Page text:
Zelda Margo’s acute social observation and economical style once again presents a telling vignette of life in modern day South Africa.

“I’m Mpho,” said the smart young woman. “Do you remember me?”

Ruth Atkinson looked embarrassed, shook her head.

“I’m Grace Masango’s daughter.”

People were swarming noisily about. Every table at Mugg & Bean taken, a typical Saturday morning at the Mall.

“Mpho,” said Ruth, pointing to a chair, “Hope you have time to join me. What will you have?”

Mpho ordered a cappuccino while Ruth gathered her thoughts. “Yes, of course. Your mother was with me for several years when we lived in the big house. That was about fifteen years ago.”

“Mrs Atkinson, I spent one holiday with my mother. I was about ten years old. You and Mr Atkinson left for America on business. My mother was taking care of Gillian and Mark. Your daughter taught me to swim in your pool. We were of a different colour, spoke a different language, South African children able to be chums for a short while.”

Ruth wasn’t sure if she was blushing, or it might have been the heat despite the air-conditioning.

“Mpho, how is Grace, and what do you do?”

“Mrs Atkinson, my mother is well and lives with my older brother Vusi and his family. He’s a lawyer. Hard to believe, he was such an angry boy. I’m a nurse and work in the Rosebank Clinic. Now tell me about Gillian.”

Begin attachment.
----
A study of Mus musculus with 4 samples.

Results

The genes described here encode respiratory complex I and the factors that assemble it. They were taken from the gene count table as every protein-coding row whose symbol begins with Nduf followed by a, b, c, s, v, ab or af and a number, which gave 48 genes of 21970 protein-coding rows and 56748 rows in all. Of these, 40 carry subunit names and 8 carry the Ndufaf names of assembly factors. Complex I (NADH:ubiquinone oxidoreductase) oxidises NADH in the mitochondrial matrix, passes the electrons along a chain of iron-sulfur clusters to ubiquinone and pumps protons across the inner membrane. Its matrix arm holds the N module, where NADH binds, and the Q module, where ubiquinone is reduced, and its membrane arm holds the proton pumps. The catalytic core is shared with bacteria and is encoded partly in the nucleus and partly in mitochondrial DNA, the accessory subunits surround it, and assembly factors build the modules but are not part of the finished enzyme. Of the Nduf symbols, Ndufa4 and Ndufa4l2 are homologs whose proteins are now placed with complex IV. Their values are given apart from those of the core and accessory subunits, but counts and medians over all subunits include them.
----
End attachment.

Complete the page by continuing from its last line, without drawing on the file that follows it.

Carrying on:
“Yes, Gillian, she lives in America. You know the gross materialism that America typifies. Her husband is a successful doctor. They work hard, like bees. She is involved with good works and spends a great deal of time at the gym. They have two girls, my beautiful grandchildren. I don’t see them often. I hate flying and they are always busy, busy, busy.”

“And Mark, Mrs Anderson?”

“He lives in Austria with a girl not of our faith.”

“Does that bother you?”

“I hate to say it, but yes, it does. He is overplaying the differences from his parents.”

“Mrs Atkinson, do ask Gillian and Mark if they remember me. I’m pleased that I recognised you. Sorry I have to run, I’m on duty today. Thanks for the cappuccino.”

“Mpho, give my good wishes to your mother. She’s a lucky lady. Goodbye.”

Ruth Atkinson ordered another coffee, and sat thinking that it was possible to re-arrange one’s prejudices.